The Bodyguard: The musical. Manchester Palace theatre

Alexandra Burke as Rachel Marron and company in THE BODYGUARD. Photo by Paul Coltas
Alexandra Burke as Rachel Marron and company in THE BODYGUARD. Photo by Paul Coltas

It was the 1992 movie that sent the late, great, singer’s career stratospheric and saw a whole generation getting in touch with their emotions and trying to reach unattainable high notes in the shower while swooning over Kevin Costner.

Now The Bodyguard is on stage touring the UK and the story of the star who fell in love with her security man is available for new generations and reprised for all the fans from the first time round.

Like any stage production, this is an adaptation so don’t expect exactly the same storyline.

But safe to say this hits all the high notes and main story elements and is a magical, emotional experience with drama, goodies, baddies, humour and showcases some quite remarkable talent from its stars including former X Factor winner (2008) and owner of the most remarkable pair of lungs - Alexandra Burke.

I didn’t know quite what to expect from this talented lady but she commands the stage entirely as troubled star Rachel Marron looking beautiful and powerful, rendering the audience silent with her remarkable voice and entirely convinced with her American accent.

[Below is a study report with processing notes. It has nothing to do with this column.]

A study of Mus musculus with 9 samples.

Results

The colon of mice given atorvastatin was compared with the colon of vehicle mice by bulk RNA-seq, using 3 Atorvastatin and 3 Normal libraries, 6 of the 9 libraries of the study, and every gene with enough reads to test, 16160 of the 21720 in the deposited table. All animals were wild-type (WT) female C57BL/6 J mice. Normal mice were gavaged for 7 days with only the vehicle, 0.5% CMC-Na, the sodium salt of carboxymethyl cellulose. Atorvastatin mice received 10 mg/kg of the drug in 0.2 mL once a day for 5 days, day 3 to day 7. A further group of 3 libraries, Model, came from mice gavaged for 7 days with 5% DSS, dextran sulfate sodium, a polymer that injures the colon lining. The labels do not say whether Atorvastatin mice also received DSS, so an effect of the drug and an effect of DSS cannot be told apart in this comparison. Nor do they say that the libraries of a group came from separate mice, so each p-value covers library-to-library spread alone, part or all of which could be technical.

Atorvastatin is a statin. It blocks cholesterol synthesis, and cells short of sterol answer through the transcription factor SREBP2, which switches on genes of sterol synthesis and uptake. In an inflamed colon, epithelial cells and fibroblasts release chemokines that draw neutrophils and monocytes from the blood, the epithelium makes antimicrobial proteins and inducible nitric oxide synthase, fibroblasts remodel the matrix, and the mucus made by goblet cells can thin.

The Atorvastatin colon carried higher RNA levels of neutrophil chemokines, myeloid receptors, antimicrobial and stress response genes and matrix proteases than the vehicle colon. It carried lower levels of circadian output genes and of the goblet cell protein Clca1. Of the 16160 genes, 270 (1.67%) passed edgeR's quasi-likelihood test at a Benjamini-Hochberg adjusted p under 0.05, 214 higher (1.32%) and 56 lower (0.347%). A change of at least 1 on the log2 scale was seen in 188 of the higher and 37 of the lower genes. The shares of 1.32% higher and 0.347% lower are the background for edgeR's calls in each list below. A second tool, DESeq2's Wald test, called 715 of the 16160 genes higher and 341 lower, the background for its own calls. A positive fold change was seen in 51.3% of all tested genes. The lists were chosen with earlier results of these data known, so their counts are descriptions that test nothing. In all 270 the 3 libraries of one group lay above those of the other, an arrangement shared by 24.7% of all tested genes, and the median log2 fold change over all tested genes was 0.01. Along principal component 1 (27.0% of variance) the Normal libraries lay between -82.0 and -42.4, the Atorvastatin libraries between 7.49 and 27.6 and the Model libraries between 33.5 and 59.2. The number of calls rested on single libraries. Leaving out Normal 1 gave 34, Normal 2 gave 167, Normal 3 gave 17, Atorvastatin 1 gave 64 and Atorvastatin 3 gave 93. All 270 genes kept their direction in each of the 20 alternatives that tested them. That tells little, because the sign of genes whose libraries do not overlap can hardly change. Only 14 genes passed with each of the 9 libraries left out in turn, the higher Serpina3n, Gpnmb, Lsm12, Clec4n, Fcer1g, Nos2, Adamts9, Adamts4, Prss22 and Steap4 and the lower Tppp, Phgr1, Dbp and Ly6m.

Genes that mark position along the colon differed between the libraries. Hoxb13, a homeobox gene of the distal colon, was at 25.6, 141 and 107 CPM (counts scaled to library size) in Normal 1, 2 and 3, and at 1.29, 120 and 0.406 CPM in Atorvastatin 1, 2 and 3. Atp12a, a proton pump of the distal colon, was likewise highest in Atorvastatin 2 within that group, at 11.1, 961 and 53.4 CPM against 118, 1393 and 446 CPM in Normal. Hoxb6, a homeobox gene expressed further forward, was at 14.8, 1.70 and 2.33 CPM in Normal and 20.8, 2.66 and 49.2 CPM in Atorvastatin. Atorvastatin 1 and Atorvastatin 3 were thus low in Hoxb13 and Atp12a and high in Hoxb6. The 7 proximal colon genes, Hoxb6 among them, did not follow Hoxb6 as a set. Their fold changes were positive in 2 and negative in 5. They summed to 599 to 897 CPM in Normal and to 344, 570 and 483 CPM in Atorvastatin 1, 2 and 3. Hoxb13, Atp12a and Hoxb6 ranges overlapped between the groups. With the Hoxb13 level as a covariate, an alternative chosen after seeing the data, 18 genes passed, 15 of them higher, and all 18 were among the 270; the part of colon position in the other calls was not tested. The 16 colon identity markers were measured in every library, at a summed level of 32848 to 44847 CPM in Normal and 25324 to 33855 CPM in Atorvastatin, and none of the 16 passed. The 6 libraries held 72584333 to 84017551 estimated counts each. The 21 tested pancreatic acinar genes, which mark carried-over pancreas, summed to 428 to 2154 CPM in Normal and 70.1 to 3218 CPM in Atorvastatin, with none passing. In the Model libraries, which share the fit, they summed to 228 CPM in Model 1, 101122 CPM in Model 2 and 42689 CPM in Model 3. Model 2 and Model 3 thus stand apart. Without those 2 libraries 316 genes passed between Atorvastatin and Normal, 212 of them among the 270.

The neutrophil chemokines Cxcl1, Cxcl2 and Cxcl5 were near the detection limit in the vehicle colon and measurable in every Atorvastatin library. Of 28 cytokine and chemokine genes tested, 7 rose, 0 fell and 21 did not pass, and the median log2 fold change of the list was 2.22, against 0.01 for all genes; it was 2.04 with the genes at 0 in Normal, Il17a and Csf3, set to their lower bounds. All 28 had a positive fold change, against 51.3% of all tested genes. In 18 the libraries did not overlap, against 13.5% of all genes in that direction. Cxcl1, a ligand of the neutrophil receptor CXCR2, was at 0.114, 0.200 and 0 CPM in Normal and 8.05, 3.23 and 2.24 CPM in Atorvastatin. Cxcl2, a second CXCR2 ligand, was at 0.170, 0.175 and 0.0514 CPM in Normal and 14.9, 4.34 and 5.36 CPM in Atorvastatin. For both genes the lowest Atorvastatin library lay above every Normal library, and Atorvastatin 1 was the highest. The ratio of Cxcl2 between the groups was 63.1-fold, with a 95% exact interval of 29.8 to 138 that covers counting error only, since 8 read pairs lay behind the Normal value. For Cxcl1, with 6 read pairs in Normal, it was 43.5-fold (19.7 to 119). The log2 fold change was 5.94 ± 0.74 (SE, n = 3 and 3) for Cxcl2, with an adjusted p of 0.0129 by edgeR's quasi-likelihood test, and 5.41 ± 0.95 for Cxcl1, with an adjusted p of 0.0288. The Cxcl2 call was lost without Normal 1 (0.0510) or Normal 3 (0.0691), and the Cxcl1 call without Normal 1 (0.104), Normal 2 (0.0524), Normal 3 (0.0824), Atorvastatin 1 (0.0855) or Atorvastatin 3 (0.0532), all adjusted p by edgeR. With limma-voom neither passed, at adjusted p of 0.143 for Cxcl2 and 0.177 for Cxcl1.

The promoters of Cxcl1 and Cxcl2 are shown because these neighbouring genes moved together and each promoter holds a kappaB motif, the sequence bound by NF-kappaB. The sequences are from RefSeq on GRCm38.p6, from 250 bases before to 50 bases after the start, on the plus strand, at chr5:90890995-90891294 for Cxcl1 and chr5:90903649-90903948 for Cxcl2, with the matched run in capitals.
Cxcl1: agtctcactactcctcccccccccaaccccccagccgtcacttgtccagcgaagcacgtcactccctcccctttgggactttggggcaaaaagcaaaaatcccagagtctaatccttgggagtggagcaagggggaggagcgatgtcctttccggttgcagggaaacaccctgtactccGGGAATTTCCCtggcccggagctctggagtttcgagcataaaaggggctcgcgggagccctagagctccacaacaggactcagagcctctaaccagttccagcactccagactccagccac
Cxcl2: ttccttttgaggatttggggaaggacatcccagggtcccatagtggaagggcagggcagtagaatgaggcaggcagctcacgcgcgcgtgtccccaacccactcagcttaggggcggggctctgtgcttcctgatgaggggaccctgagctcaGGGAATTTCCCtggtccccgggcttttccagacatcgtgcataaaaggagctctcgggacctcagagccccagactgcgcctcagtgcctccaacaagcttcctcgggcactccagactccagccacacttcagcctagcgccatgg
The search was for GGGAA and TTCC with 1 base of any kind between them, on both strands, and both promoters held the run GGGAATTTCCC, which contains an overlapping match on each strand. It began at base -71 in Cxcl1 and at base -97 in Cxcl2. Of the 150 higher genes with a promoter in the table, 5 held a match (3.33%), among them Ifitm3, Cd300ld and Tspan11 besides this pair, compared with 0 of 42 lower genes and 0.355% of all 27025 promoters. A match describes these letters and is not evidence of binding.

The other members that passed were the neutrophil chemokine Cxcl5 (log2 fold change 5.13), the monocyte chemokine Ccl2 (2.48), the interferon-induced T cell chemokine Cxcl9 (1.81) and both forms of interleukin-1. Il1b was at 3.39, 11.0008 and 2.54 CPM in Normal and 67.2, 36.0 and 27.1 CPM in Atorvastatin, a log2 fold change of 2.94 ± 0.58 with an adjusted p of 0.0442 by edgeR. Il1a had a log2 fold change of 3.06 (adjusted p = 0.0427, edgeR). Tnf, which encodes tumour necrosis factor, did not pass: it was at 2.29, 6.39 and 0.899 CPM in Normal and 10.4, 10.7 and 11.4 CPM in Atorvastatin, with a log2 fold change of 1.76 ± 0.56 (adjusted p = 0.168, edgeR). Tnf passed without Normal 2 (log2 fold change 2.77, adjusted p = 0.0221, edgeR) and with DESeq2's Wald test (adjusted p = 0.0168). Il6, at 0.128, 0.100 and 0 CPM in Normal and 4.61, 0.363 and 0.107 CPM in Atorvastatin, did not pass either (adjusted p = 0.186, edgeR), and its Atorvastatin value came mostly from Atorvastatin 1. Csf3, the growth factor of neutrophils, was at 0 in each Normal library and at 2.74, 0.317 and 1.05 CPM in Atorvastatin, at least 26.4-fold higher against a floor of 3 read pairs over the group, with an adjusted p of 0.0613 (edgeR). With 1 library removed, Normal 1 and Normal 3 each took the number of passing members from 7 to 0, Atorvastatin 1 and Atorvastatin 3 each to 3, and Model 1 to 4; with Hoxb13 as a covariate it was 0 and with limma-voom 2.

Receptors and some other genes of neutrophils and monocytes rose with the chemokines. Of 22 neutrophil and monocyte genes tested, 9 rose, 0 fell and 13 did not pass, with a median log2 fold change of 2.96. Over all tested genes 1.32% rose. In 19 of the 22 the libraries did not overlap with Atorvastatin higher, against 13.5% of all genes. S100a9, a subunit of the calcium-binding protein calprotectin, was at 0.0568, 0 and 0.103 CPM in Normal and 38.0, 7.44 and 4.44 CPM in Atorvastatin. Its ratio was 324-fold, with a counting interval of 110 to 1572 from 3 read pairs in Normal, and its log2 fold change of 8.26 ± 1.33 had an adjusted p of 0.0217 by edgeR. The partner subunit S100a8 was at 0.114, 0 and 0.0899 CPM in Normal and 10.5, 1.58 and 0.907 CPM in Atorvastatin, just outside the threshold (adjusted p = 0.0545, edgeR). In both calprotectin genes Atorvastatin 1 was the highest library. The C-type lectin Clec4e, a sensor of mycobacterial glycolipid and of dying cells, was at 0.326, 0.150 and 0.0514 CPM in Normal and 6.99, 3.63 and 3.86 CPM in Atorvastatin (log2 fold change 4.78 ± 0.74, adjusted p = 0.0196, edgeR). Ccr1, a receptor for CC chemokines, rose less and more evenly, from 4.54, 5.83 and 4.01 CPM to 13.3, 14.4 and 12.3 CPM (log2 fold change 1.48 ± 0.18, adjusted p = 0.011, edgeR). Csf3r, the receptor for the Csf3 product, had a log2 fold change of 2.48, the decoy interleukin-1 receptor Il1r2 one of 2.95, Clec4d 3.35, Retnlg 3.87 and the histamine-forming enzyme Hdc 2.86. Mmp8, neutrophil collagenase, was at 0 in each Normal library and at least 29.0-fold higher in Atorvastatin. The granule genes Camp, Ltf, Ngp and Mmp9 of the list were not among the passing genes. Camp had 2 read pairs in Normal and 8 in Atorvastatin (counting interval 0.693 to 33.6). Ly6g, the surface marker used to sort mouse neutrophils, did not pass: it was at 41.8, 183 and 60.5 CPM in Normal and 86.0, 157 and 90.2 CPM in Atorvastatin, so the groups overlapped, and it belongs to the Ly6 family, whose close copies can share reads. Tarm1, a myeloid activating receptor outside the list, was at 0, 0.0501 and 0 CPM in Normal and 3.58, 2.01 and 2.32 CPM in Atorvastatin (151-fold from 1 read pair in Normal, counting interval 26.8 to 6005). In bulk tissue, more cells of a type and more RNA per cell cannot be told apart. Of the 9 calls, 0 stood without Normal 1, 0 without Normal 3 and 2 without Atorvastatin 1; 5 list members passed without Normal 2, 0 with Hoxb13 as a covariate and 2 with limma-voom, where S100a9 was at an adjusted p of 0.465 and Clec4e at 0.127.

After one number you quite forget Whitney - here 26-year-old Alexandra takes the Hollywood star role and makes it her own in a younger even more diva-esque manner. Wow.

She put her album on hold for this tour and says it is her ‘dream come true’ and watching her you can understand why.

There are ooohs, aaahs and cheese aplenty through this well paced show - and Alexandra’s talent is just the start.

There are haunting, memorable, performances from Melissa James as Rachel’s conflicted and professionally frustrated sister Nicki, plus a crowd-pleasing turn by Rachel’s son Fletcher.

Stuart Reid as Frank Farmer approaches his role with a level of humour that sits perfectly on the stage, with a special mention for his out of tune karaoke.

The entire cast plus together some magical ensemble moments and use of lighting and moving staging gives this show that magical, Hollywood-esque big production feel that is required to suspend disbelief and propel audiences away from their everyday lives for a few hours.

Where do broken hearts go?

We are none the wiser - but we seriously enjoy the journey of trying to find out during this show.

And that final number - Alexandra says she can’t think about it or say the title or she cries - you probably will too.

Fantastic production, try and catch it at Manchester’s Palace theatre.